It is the end of the second Elizabethan era. What kind of legacy did the Queen leave for us all?
It was the day that Britain and the Commonwealth dreaded. She was last photographed at Balmoral, her holiday home in Scotland, with a beautiful smile but with obvious frailty and a bruised hand, greeting the new prime minister of the United Kingdom, Liz Truss. Then in less than forty eight hours, she was gone.
Arguably the most and photographed famous woman in the world, with a ubiquitous presence: the image Elizabeth II graced postage stamps, coins, and banknotes. Though most never met her in person, many also felt a familiarity. Now that she belongs to the ages, there was something reassuring as the transition finalised between the reigns of Elizabeth II and Charles III occurred with velvet smoothness. While there is understandably great sorrow at the passing of a long-term and beloved monarch, there was reassurance that her legacy of dedication, diligence and duty, will continue on.
While many tributes have been paid to the late queen, this one will focus on three key things. The first is that the Queen served as a living link to history. She was related by blood to historical figures like Henry VIII, George III, and Queen Victoria. The mind whirls at the events she witnessed during her ninety-six years on this earth. At the age of ten, she watched – perhaps with bemusement – how her uncle Edward VIII forsook the crown to marry an American divorcee, Wallis Simpson, thus catapulting her father to the throne as George VI. This meant that she now became the first in line to the succession. At the age of fourteen, she witnessed the Nazi blitz of London, when even Buckingham Palace was hit. She participated in the war effort as a driver and mechanic. And who can forget the euphoric moment when the royal family stepped out onto the balcony of the Palace as the crowds gathered to celebrate V-E Day, May 8th 1945, the end of the second world war. The British people weathered the war and came out on top. She was there for it all.
The array of political leaders with whom she interacted is staggering: Churchill, Truman, Eisenhower, John F. Kennedy – the list goes on. Elizabeth II was more than an observer of history – she made it; a young woman in a geo-political man’s world, she held her ground and earned the respect of all.
A leading figure in the United Kingdom and the West, Elizabeth embodied the best of all these worlds. Remember that the ‘West’ embodies reason, scientific breakthrough, technology, the industrial revolution, renaissance, reformation, the market economy, abolition of slavery, the formation of parliamentary democracy with its balance of powers, separation of powers, and recognition of human rights. All these important things find their powerful symbolism in the Crown, which embodies history, heritage, governance, and way of life.
As the British Empire began its peaceful dismantling, it was wonderfully reconstituted into the Commonwealth of Nations, which even includes countries that were not under British colonial rule. Elizabeth II skilfully and successfully navigated this entire process; she proved to be a very popular uniter.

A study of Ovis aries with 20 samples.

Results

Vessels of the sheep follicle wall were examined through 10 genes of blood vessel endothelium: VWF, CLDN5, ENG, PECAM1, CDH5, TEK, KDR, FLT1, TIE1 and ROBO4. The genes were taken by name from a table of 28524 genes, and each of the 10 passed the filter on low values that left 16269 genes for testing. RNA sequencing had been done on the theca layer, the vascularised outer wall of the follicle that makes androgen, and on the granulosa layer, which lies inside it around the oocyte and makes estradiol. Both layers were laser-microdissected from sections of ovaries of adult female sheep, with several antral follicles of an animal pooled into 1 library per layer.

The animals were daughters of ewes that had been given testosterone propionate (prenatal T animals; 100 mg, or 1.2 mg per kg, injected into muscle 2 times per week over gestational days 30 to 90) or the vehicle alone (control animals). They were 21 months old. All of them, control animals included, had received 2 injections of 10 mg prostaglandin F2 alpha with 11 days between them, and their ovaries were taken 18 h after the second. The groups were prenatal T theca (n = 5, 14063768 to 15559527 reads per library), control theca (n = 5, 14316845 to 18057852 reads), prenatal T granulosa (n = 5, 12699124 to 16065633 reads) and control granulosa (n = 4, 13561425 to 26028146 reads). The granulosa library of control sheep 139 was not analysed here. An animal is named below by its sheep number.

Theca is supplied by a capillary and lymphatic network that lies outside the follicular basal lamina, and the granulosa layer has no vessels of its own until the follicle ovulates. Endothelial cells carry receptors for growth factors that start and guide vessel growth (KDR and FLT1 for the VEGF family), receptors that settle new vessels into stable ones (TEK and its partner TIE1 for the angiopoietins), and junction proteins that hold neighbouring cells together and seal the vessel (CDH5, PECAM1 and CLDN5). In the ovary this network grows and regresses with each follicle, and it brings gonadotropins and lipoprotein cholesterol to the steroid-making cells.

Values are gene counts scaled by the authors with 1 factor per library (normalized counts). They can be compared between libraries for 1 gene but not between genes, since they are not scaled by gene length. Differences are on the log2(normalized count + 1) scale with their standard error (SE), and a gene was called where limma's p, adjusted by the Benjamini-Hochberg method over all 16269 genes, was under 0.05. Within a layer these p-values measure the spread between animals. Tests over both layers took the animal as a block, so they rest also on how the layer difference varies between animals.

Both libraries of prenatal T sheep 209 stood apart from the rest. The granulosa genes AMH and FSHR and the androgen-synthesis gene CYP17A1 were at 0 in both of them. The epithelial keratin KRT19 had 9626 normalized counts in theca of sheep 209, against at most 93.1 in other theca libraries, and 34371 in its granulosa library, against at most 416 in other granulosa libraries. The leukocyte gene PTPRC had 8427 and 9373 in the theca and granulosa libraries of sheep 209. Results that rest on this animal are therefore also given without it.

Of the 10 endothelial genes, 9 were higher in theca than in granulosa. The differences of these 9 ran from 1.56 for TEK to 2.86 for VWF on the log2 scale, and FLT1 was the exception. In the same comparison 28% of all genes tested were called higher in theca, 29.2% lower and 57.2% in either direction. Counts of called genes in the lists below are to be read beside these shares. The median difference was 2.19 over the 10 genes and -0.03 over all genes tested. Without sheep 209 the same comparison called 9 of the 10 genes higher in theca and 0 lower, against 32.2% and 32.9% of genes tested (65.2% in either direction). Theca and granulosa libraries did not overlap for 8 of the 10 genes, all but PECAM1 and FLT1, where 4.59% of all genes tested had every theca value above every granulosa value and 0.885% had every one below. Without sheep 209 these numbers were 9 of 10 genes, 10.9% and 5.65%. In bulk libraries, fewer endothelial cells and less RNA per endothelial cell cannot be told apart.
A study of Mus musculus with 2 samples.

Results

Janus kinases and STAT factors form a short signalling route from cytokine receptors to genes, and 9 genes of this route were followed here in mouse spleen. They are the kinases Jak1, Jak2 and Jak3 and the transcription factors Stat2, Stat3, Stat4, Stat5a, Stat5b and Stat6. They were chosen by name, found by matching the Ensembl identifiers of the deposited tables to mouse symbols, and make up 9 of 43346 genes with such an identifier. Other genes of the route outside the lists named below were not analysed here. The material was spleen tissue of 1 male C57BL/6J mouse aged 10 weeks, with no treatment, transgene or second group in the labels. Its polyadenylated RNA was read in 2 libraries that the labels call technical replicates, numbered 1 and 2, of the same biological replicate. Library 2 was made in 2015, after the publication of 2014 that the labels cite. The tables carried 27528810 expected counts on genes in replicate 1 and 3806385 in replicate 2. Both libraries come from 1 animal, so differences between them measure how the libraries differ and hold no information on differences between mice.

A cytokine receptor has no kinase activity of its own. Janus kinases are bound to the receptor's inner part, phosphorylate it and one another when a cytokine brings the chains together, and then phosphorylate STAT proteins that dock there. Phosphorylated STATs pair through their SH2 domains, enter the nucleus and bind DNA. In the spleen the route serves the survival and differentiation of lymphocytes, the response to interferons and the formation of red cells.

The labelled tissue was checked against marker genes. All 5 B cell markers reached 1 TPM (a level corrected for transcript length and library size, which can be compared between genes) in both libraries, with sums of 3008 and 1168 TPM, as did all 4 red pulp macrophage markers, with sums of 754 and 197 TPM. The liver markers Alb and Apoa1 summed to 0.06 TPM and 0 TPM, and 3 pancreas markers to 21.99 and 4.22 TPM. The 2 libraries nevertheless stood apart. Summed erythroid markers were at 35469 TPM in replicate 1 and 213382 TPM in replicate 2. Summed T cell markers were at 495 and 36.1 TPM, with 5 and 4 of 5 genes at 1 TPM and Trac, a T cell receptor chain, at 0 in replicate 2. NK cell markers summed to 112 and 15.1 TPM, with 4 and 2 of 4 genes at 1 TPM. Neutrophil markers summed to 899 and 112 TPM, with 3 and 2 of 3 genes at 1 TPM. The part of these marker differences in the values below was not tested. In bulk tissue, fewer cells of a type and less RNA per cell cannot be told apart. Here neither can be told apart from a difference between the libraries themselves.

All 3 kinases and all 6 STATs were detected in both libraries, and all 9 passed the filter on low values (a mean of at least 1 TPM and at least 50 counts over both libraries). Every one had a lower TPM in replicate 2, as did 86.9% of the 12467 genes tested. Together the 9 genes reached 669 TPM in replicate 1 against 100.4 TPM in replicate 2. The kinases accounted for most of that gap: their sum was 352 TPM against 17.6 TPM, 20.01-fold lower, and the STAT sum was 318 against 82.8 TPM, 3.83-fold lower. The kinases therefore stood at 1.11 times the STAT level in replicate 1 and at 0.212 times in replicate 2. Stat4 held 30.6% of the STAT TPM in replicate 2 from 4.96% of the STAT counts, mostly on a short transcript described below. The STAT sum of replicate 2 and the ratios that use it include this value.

While most sang her praises, there was a few noisy cultural Marxist voices who wished her ill. It’s not that she had personally done anything egregious against anyone – she had not and they know it. They were attacking the civilisation which she so ably represented.
Finally, as noted in the third and final instalment of the Crown Chronicles, Queen Elizabeth II was a conspicuous and vocal Christian. She faithfully attended the local church where she was located at any particular occasion, even on her holidays. Prayer given and received was an important part of her life. Of course, she was famous for her annual address to the Commonwealth on Christmas Day, where regular mention was made of her faith in Jesus Christ. In her one and only ‘Easter Address,’ of April 2020 during the beginning of the Covid lockdown, she famously said that while other things had been cancelled, Easter would never be – it was un-cancellable.
While it is technically possible for a non-Christian to exhibit good character traits, the Queen led the way in sterling qualities: integrity, loyalty, honesty, truthfulness, consistency, faithfulness, and, let’s not forget, her unflinching dedication to duty. In seventy years on the throne, she could be counted upon to fulfil her obligations, without a loss of temper, control, or coarse language. It is concerning that the Queen’s character, bolstered by her Christian faith, seemed to be something unique, relegated to a museum, rather than the mainstream in a ‘Christian society.’ For sure, these qualities were far more plentiful in 1952, when she came to the throne, than in 2022. Yet, the outstanding and consistent example she set is an opportunity for others to walk in her footsteps. When you follow Christ, the light of the world, you will be a reflection of that light.
The symbols of her coronation on June 2, 1953, were all of the Christian vintage: the orb, sceptre, crown, holy oil. For all practical purposes, the monarch’s coronation is a Bible-based anointing service. And the coronation vow itself is powerful. The monarch swears “To maintain the laws of God and the profession of the Gospel.” It was a recognition that Her Majesty’s kingdom is a Christian realm and that she as monarch, and the government she leads must maintain it. Even the monarch is subject to the King of kings and Lord of lords.
As we celebrate the life and memory of Elizabeth II, Queen of the United Kingdom and Northern Ireland, Australia, Canada, New Zealand, Papua New Guinea, other realms and the Commonwealth, let us remember to pray for her successor, King Charles III. He has a tough act to follow, but he has also had seventy-three years to prepare for it. By God’s grace and our prayers, he will do just fine.